Priority Bird
Conservation status Northeastern populations probably much lower than they were historically. Numbers reduced by plume hunters in late 1800s, increased again with protection early in 20th century, then declined again as populations of predatory large gulls increased in that area. Coastal Common Terns are more and more concentrated in a few well-protected colonies. Some inland populations are declining as well.
Family Gulls and Terns
Habitat Lakes, ocean, bays, beaches. Wide range of aquatic habitats in summer, both coastal and inland waters in low-lying, open country, where shallow waters for fishing are close to undisturbed flat islands or beaches for nesting. Winters mostly along coastlines in warm subtropical or tropical waters.
One of four very similar terns on this continent. The species lives up to its name as a 'common' tern mainly in the northeast; over much of the continent, it is outnumbered by the similar Forster's Tern. Also widespread in the Old World.

Feeding Behavior

Forages mostly by flying over water, hovering, and plunging to catch prey below surface. Sometimes dips down to take items from surface of water, or pursues flying insects in the air. Occasionally steals food from other terns.


1-3. Variable, buff to pale blue or olive, marked with brown and black. Incubation is by both parents (female may do more), 21-25 days. Young: Leave nest after a few days but remain nearby, are fed by both parents. Age at first flight about 22-28 days; may remain with parents another 2 months or more. One brood per year, rarely two.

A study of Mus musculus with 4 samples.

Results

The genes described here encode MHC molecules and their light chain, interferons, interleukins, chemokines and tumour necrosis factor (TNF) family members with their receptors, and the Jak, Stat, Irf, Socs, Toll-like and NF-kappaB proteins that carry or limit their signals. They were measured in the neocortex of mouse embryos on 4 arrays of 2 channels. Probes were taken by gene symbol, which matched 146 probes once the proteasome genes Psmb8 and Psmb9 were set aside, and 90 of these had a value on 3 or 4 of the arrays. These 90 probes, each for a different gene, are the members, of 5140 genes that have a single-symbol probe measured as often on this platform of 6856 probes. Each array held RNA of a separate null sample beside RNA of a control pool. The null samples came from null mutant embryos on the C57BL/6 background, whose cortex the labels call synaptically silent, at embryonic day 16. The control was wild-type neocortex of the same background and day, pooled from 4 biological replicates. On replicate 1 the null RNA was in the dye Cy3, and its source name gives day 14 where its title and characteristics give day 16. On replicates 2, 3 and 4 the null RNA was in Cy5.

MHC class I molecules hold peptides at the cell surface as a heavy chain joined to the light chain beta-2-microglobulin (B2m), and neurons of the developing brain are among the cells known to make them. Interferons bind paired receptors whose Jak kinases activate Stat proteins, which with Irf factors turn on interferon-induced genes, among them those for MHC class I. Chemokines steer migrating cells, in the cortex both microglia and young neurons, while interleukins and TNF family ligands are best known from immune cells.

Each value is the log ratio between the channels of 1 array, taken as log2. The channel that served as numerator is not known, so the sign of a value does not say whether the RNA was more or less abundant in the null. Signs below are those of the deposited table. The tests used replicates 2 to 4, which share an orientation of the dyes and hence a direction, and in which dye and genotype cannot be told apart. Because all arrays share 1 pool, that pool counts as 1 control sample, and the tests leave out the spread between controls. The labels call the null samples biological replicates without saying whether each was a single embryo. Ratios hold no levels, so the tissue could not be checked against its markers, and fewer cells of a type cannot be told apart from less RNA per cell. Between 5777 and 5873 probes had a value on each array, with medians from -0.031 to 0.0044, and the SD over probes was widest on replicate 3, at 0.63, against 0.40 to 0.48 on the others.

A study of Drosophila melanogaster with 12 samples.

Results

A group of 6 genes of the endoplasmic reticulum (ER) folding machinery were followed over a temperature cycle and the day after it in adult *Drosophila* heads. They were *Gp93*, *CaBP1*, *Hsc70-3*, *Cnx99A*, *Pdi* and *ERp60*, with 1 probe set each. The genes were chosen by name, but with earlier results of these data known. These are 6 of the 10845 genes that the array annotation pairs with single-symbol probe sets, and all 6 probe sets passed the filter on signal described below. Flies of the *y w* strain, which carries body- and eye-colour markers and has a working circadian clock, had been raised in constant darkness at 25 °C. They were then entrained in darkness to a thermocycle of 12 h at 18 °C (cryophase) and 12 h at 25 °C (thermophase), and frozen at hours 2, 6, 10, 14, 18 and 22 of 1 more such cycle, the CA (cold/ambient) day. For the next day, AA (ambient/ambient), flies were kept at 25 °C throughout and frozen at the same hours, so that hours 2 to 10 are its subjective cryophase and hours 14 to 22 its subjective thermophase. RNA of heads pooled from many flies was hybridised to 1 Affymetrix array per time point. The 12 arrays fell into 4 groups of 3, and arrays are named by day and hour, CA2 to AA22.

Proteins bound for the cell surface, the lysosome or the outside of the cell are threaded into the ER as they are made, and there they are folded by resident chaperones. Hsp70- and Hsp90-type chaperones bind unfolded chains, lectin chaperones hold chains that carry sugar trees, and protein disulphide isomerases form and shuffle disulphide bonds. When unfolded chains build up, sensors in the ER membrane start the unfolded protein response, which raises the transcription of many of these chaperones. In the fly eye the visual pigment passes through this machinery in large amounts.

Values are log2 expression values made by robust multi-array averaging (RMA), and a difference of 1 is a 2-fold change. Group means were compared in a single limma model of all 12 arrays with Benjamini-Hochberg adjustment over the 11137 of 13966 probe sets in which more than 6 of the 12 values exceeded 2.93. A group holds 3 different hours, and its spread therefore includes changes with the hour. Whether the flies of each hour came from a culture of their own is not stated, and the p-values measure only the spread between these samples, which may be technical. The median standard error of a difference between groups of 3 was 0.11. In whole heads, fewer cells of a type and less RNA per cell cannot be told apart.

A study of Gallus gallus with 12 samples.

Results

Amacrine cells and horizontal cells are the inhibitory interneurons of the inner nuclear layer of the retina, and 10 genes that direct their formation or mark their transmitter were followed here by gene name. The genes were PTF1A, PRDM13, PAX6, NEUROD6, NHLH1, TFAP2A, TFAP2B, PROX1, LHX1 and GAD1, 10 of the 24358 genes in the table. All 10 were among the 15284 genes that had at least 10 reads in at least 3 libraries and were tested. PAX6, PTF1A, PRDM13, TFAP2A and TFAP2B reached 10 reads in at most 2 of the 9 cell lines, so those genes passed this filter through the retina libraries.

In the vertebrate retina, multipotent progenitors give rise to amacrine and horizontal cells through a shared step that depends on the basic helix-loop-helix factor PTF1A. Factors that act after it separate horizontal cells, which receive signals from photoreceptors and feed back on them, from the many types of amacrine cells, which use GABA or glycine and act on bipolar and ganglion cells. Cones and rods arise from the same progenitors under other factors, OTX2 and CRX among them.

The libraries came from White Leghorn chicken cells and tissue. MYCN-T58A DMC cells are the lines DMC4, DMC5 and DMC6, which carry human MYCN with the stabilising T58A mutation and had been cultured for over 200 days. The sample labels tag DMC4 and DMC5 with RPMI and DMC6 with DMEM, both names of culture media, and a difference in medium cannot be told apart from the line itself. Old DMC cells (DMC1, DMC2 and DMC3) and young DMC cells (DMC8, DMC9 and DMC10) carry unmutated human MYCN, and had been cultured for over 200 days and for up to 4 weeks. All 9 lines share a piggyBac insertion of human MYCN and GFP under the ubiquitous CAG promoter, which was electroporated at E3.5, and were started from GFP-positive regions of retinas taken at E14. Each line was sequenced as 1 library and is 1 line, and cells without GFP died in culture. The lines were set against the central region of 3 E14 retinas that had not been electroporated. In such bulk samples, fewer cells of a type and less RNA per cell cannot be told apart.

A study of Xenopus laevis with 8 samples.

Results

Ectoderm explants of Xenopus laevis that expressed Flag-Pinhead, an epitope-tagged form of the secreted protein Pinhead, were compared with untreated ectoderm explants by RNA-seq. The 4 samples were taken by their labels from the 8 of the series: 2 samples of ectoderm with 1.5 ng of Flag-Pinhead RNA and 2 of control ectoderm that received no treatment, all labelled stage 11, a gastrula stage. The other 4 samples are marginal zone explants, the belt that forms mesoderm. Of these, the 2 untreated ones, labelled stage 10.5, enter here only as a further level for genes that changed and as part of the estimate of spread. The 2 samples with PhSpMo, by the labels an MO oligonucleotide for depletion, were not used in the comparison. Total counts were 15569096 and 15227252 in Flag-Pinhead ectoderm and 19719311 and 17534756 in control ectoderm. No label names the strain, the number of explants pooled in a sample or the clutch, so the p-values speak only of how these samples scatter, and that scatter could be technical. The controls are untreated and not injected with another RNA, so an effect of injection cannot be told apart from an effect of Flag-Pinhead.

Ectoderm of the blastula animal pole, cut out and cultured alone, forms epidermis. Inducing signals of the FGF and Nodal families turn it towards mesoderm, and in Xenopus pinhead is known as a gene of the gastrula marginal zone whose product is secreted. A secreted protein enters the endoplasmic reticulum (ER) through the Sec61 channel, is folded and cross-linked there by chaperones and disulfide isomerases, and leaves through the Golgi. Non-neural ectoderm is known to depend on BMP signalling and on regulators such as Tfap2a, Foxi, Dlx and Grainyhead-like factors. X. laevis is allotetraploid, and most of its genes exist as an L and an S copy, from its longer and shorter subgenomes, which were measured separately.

Leave nest after a few days but remain nearby, are fed by both parents. Age at first flight about 22-28 days; may remain with parents another 2 months or more. One brood per year, rarely two.


Mostly fish. Feeds on a wide variety of small fish, focussing on whatever types most easily available, sometimes concentrating on shrimp instead. Also eats other crustaceans, insects, marine worms, small squid, leeches, marine worms.


Usually first breeds at age 3-4 years. Nests in colonies, sometimes in isolated pairs. In aerial courtship, groups and pairs perform high flights. Male may fly over colony carrying fish; female follows. On ground, pair postures, bows, struts in circles; male presents fish to female. Nest site is on bare ground or surrounded by low vegetation; sometimes on floating mat of dead vegetation. Nest (built by both sexes) is shallow scrape in soil, usually lined with bits of plant material and debris.

Illustration © David Allen Sibley.
Lives of North American Birds


  • All Seasons - Common
  • All Seasons - Uncommon
  • Breeding - Common
  • Breeding - Uncommon
  • Winter - Common
  • Winter - Uncommon
  • Migration - Common
  • Migration - Uncommon

See a fully interactive migration map for this species on the Bird Migration Explorer.


Kip-kip-kip; also tee-aar.
Audio © Lang Elliott, Bob McGuire, Kevin Colver, Martyn Stewart and others.

Audubon’s scientists have used 140 million bird observations and sophisticated climate models to project how climate change will affect this bird’s range in the future.

Zoom in to see how this species’s current range will shift, expand, and contract under increased global temperatures.

Climate Threats Near You

Climate threats facing the Common Tern

Choose a temperature scenario below to see which threats will affect this species as warming increases. The same climate change-driven threats that put birds at risk will affect other wildlife and people, too.